Ordination update: baker's dozen in Boston


The big news, from The Pilot:

On a crisp, sunny, September morning at the Cathedral of the Holy Cross, Cardinal Seán P. O’Malley ordained 13 men as permanent deacons for the Archdiocese of Boston.

Deacons David A. Brooks, Christopher Z. Connelly, Paul David Coughlin, Joseph Bryere Guerrier, Geoffrey W. Higgins, Joseph J. Hopgood, Cheonil Kim, Paul Michael Kline, Howard C. League, Vincent James Leo, Timothy John Maher, Thomas L.P. O’Donnell Jr., and Kevin J. Winn received the sacrament of Holy Orders Sep. 17.

All of the men ordained on Saturday are married and their occupations include an anesthesiologist, an air traffic controller, a grocery store clerk and health care interpreter, a mortgage banker, a software consultant, two professors, a retired civil engineer from the city of Boston, a director of religious education, and a high school campus minster and teacher.

“In common, they have a very deep spiritual life, a very deep prayer life — they’re all centered on the Eucharist and that’s where the call came from,” said Deacon Dan Burns, director of formation for the Office of Permanent Diaconate.

“They’re all very connected in their families and in their parishes,” he added.

After the reading of the Gospel, the men were called by name and presented to Cardinal O’Malley, who asked if they were known to be worthy. Their worthiness affirmed by the presenter, the cardinal invoked the help of God and said that the men were chosen for the order of the diaconate.

In his homily, Cardinal O’Malley gave a historical context of deacons in the Church, referring to the Acts of the Apostles. Beyond administrative duties, the first deacons soon started to preach, evangelize and baptize.

The cardinal asked the men to commit themselves to prayer and said that “it is your interior life of friendship with the Lord that will allow you to be ministers of God’s people.”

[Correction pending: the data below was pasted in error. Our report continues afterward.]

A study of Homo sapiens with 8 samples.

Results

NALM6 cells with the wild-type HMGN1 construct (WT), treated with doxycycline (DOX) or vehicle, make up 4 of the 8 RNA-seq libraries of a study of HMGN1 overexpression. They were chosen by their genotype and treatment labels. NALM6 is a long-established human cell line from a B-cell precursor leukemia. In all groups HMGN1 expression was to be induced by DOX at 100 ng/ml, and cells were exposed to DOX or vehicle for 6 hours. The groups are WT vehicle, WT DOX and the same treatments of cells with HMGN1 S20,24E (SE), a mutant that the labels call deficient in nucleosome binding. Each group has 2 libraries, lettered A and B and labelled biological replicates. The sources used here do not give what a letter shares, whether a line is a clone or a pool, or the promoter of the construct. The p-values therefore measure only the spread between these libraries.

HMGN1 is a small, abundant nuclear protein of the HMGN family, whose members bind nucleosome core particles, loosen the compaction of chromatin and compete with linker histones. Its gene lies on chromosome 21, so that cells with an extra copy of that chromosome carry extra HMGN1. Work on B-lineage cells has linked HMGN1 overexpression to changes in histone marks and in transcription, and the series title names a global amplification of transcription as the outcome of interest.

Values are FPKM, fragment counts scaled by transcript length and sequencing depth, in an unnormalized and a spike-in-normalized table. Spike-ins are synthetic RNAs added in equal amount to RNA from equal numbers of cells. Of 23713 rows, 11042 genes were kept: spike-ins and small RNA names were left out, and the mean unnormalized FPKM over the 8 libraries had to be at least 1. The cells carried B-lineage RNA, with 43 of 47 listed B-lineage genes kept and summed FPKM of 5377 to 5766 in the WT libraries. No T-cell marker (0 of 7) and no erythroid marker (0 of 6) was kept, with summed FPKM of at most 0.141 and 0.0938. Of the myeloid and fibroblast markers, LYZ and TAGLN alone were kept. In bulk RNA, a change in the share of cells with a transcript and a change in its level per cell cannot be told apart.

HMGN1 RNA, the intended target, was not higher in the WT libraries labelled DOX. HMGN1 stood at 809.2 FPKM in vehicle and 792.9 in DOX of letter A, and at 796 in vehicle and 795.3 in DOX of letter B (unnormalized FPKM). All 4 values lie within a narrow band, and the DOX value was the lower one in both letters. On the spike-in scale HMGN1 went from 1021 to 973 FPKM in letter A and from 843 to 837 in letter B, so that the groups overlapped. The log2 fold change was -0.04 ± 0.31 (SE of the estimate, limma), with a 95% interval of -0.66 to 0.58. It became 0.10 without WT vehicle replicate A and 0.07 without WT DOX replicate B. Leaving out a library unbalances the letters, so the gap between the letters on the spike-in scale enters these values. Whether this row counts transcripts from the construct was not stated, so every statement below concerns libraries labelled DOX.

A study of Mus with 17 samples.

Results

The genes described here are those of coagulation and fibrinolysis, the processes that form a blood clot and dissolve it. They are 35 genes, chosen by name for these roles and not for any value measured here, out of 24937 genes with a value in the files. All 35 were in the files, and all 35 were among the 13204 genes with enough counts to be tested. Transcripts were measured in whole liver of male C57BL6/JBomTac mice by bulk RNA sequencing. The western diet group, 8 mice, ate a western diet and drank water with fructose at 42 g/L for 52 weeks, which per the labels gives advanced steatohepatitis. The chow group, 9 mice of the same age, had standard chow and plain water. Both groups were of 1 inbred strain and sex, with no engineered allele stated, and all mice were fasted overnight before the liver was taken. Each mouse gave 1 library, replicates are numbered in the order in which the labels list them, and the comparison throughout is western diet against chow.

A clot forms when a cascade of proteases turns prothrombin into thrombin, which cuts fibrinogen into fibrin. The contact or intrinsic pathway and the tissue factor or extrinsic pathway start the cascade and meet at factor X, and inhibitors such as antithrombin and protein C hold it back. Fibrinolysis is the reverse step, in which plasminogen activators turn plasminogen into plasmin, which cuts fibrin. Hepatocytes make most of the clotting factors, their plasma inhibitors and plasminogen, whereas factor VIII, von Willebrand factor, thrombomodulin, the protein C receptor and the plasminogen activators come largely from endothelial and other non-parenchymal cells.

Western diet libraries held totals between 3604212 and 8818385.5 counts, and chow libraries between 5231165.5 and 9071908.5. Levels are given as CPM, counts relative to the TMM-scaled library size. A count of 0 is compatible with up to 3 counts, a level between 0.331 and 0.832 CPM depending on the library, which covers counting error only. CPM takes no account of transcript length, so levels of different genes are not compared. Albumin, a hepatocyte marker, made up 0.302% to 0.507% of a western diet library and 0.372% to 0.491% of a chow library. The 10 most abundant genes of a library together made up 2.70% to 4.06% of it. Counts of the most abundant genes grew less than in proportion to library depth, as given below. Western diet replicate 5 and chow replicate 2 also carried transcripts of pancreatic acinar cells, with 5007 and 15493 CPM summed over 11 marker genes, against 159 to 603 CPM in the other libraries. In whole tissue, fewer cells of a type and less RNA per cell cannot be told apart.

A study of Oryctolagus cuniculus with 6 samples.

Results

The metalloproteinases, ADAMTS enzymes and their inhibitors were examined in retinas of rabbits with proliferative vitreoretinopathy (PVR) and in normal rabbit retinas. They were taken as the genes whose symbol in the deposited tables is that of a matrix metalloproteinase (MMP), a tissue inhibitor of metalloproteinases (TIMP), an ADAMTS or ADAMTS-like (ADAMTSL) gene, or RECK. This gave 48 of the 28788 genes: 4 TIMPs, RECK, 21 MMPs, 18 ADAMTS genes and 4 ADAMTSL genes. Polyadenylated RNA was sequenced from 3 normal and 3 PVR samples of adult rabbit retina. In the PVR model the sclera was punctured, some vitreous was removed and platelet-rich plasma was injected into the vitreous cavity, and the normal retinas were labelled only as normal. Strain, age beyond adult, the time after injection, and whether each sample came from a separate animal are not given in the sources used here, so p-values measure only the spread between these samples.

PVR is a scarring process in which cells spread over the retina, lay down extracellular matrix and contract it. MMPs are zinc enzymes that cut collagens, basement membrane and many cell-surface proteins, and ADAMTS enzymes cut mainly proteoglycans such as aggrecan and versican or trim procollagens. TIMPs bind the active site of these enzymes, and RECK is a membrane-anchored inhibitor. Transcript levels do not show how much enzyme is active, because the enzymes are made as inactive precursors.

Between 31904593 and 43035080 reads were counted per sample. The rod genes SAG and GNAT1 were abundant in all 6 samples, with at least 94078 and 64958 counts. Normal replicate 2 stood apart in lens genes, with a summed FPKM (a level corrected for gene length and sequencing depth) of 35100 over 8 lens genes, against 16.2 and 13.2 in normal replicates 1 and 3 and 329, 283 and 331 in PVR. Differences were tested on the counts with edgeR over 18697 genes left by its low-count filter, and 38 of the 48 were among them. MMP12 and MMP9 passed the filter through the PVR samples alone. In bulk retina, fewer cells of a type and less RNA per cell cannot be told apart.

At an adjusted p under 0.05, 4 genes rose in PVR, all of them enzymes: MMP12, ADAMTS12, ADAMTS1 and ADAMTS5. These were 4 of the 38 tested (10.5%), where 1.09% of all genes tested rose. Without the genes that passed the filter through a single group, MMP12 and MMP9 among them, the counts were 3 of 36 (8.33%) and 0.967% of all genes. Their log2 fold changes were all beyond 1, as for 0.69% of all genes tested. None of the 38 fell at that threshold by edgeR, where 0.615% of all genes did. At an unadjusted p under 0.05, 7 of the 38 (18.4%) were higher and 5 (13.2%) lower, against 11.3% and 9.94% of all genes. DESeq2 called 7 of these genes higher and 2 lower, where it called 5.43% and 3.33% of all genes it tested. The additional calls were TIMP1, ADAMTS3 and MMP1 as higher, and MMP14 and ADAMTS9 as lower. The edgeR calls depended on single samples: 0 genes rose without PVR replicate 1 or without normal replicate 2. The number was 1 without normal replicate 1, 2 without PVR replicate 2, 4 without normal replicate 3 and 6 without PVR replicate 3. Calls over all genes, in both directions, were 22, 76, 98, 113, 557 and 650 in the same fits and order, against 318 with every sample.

He remarked that the Gospels do not speak of “CEOs, managers, overlords, or the grand poohbah” — rather it highlights the servant. He said that in today’s world of political correctness, the word servant is avoided in favor of terms like domestic worker or household technician.

“Never forget what deacon means; it means servant. High maintenance is an adjective that should never apply to a deacon. Love, humility, generosity, obedience are the virtues that must adorn your service as God’s deacons,” said Cardinal O’Malley.

Read the rest. Congratulations and welcome, brothers.  Ad multos annos!

Comments

  1. Ad multos annos! indeed! I am in the 2014 class of the Deacon Formation Program of the Archdiocese of Boston and these men are my former classmates, even though they were so far head we hardly had classes in the same place or time. I pray for wisdom, humility, love and perseverance so that my class can get to the same point in a couple of years.

    Few people realize how demanding the admittance requirements are and that it is never guaranteed that anyone will be ordained; the whole four years are a process of discernment and until the last day there is always the possibility that you may not be called to this vocation. The study and training program is also demanding and it is centered on holiness and prayer more than anything else. The wives are also closely involved in the whole formation process.

    Pray for us! and I pray for the new deacons, may God give them what they need to serve the Church.

  2. Rudy:
    Be assured of my prayers. Are you taking classes at Merrimack?

  3. Yes, part of the Hispanic batch, but we take some of the classes together. Thank you for the prayers and please do not take into account some of my rants here….!!!!

  4. The reason I asked about Merrimack is that I am very attached to the Augustinians. I have a graduate degree from Villanova but some of their faculty had taught at Merrimack.

  5. Merrimack is the site where aspirants and candidates from the northern part of the Archdiocese take classes. It is an Augustinian school and we pray the Liturgy of the Hours in their oratory chapel. Our classes are in the evenings, when most of the young kids are gone for the day. The other group of aspirants and candidates take classes at the Pastoral Center in Braintree, south of Boston. There is not a lot of Augustinians left though, most have retired and the school is run mostly by lay faculty. It is auspicious to me to be studying there for the diaconate since Saint Augustine is one of the Saints I most admire and there is a wood statue of him in Austin Hall where we meet.